Donkey Punch

  • Theater
  • Drama
Critics' pick
1/4
Photograph: Hunter Canning
Donkey Punch
2/4
Photograph: Hunter Canning
Donkey Punch
3/4
Photograph: Hunter Canning
Donkey Punch
4/4
Photograph: Hunter Canning
Donkey Punch

Donkey Punch. SoHo Playhouse (see Off Broadway). By Micheline Auger. Directed by Audrey Alford. With ensemble cast. Running time: 1hr 30mins. No intermission.

Donkey Punch: In brief

A woman tries monogamy while her best friend dates a pornographer in Micheline Auger's look at sex and love in the modern age. Audrey Alford directs.

Donkey Punch: Theater review by Raven Snook

Named for a raunchy (and supposedly fictitious) anal-sex maneuver, Micheline Auger's dramedy lands a few solid blows on relationships in the postfeminist era, both romantic and platonic. Two twentyish BFFs, promiscuous Kareena (Cleo Gray, achingly raw) and prudish Sam (Lauren Dortch-Crozier), think they're looking for that special someone, when really they're just trying to find themselves. Going outside her comfort zone, Kareena settles down in a monogamous relationship with thoughtful, nice-guy Teddy (Michael Drew) and sets Sam up with a guy she flirted with online, "horror-porn" director Kyle (Jon McCormick, equally sexy and sleazy).

The manipulations and recriminations that ensue may sound like an inversion of Neil LaBute's The Shape of Things, as the men try to mold their partners to their desires: Sam gets a makeover complete with fake boobs and blond hair, and becomes an exhibitionist; Teddy coaxes Kareena into therapy and literally shoves an engagement ring on her unwilling finger. But all four characters come across as real people, not plot devices, and their bad behavior isn't just for shock value (though two fraught sexual encounters elicited an "Oh, my God!" from stunned audience members). Like many young adults navigating a world in which gender roles are constantly evolving, the lovers get confused, contradict themselves and make some terrible (often alcohol-fueled) choices. Audience allegiance is always shifting: At any moment you might condemn or condone their actions, depending on your own moral compass.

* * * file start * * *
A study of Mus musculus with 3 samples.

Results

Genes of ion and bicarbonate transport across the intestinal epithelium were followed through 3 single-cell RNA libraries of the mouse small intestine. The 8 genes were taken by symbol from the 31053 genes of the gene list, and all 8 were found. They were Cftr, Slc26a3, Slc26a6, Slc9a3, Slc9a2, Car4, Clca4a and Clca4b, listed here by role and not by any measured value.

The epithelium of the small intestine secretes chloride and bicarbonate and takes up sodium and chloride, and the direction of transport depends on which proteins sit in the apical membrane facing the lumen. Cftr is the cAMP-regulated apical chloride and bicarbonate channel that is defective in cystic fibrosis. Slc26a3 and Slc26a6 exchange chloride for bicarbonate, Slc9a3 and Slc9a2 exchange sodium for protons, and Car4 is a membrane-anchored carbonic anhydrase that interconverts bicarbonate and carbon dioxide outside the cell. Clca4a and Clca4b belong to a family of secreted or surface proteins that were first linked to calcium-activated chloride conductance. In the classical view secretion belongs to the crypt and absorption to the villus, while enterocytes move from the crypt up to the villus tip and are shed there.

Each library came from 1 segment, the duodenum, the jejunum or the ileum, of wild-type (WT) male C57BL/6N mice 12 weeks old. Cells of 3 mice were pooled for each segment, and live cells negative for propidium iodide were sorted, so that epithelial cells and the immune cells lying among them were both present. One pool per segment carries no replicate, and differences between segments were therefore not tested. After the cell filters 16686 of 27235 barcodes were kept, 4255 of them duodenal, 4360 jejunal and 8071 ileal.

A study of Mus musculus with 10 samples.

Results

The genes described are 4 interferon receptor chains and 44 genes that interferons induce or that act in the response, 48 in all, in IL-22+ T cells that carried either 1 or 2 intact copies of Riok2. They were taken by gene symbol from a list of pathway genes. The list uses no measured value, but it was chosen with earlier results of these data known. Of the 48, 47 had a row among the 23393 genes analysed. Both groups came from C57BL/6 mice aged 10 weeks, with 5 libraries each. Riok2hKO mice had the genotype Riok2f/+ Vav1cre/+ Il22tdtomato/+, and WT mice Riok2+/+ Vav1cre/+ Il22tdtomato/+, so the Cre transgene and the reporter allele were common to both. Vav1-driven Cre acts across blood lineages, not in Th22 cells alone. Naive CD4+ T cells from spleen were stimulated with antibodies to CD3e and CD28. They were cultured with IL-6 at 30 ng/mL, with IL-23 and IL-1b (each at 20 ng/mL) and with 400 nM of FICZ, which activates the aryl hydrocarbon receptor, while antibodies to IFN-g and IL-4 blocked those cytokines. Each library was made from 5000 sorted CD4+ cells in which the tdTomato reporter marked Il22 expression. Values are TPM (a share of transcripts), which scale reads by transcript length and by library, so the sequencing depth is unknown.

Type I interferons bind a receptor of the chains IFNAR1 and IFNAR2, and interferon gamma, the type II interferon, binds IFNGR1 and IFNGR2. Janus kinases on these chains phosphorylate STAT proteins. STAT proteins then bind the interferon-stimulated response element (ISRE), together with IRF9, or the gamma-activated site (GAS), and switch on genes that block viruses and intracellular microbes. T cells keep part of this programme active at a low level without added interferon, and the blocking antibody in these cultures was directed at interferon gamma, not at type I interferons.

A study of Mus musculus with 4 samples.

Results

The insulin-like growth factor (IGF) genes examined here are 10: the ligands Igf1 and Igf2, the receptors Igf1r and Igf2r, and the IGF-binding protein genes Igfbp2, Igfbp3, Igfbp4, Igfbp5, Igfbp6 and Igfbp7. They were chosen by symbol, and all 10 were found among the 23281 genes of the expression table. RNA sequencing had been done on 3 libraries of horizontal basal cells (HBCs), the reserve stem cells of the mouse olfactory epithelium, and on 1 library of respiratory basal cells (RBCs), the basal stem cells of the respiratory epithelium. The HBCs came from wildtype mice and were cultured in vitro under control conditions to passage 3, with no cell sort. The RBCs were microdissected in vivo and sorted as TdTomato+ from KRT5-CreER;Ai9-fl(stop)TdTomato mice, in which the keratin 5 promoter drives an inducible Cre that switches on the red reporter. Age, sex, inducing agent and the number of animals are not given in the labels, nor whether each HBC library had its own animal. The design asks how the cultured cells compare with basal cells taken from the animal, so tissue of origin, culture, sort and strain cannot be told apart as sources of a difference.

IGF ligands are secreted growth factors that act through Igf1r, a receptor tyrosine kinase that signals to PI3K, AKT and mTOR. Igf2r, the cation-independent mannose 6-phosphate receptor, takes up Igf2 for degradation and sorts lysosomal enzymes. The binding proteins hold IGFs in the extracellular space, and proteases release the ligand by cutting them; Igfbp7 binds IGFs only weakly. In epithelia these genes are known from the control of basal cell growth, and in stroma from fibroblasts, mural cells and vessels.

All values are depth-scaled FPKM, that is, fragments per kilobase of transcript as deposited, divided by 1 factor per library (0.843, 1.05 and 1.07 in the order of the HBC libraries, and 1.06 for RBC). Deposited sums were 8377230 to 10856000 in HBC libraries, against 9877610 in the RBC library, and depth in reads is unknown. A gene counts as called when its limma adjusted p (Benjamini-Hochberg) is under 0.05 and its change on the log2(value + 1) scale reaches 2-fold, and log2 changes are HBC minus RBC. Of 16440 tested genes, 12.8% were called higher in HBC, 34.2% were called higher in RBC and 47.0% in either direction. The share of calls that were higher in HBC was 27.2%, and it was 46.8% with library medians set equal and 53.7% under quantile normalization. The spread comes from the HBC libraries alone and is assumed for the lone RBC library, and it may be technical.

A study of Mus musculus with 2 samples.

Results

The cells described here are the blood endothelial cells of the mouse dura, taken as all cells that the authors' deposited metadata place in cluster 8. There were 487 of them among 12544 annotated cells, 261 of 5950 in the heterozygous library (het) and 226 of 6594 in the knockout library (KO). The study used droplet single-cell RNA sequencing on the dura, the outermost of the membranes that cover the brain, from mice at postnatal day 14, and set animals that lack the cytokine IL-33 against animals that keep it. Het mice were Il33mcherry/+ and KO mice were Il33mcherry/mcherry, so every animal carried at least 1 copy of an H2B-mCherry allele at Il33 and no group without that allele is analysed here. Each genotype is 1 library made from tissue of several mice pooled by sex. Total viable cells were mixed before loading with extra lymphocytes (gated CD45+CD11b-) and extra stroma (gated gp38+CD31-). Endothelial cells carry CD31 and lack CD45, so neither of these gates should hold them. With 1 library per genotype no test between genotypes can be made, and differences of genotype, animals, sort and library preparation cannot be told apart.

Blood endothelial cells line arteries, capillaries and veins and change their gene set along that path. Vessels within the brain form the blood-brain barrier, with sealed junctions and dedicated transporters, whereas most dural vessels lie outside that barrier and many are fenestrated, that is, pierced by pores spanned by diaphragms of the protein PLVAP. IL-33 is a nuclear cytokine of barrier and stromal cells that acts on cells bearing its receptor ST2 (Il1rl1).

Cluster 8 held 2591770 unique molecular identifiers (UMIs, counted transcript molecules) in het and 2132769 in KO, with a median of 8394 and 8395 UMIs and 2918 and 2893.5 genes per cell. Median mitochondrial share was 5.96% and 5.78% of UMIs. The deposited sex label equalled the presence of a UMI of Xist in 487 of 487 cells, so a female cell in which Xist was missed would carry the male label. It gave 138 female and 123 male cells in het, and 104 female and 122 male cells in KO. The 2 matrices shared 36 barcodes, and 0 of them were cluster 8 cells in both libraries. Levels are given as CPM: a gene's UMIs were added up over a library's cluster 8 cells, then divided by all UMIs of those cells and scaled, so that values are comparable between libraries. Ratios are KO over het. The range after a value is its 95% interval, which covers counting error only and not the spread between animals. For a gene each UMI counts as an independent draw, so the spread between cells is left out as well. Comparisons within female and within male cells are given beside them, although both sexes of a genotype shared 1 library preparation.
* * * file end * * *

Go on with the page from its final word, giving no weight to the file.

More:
Directed with a light touch by Audrey Alford, cofounder of the Ivy Theatre Company (which premiered this show Off-Off Broadway under the title The Feminism of a Soft Merlot, or How the Donkey Got Punched earlier this summer), Donkey Punch doesn't peddle any answers or even closure for its characters. But it does offer crackling dialogue, voyeuristic thrills and inevitable juicy postshow conversation.—Theater review by Raven Snook

Event website: http://sohoplayhouse.com

Average User Rating

5 / 5

4 people listening
Kevin B

I saw this play and found it funny, entertaining, insightful, heartbreaking, and just plain fun to experience.  The play was well cast, and the actors all did their jobs exceptionally well.  The staging was spot on, the play was creatively written, and the director did a fantastic job of putting it all together.  It's well worth a go for 90 minutes of reasonably priced, all NYC entertainment.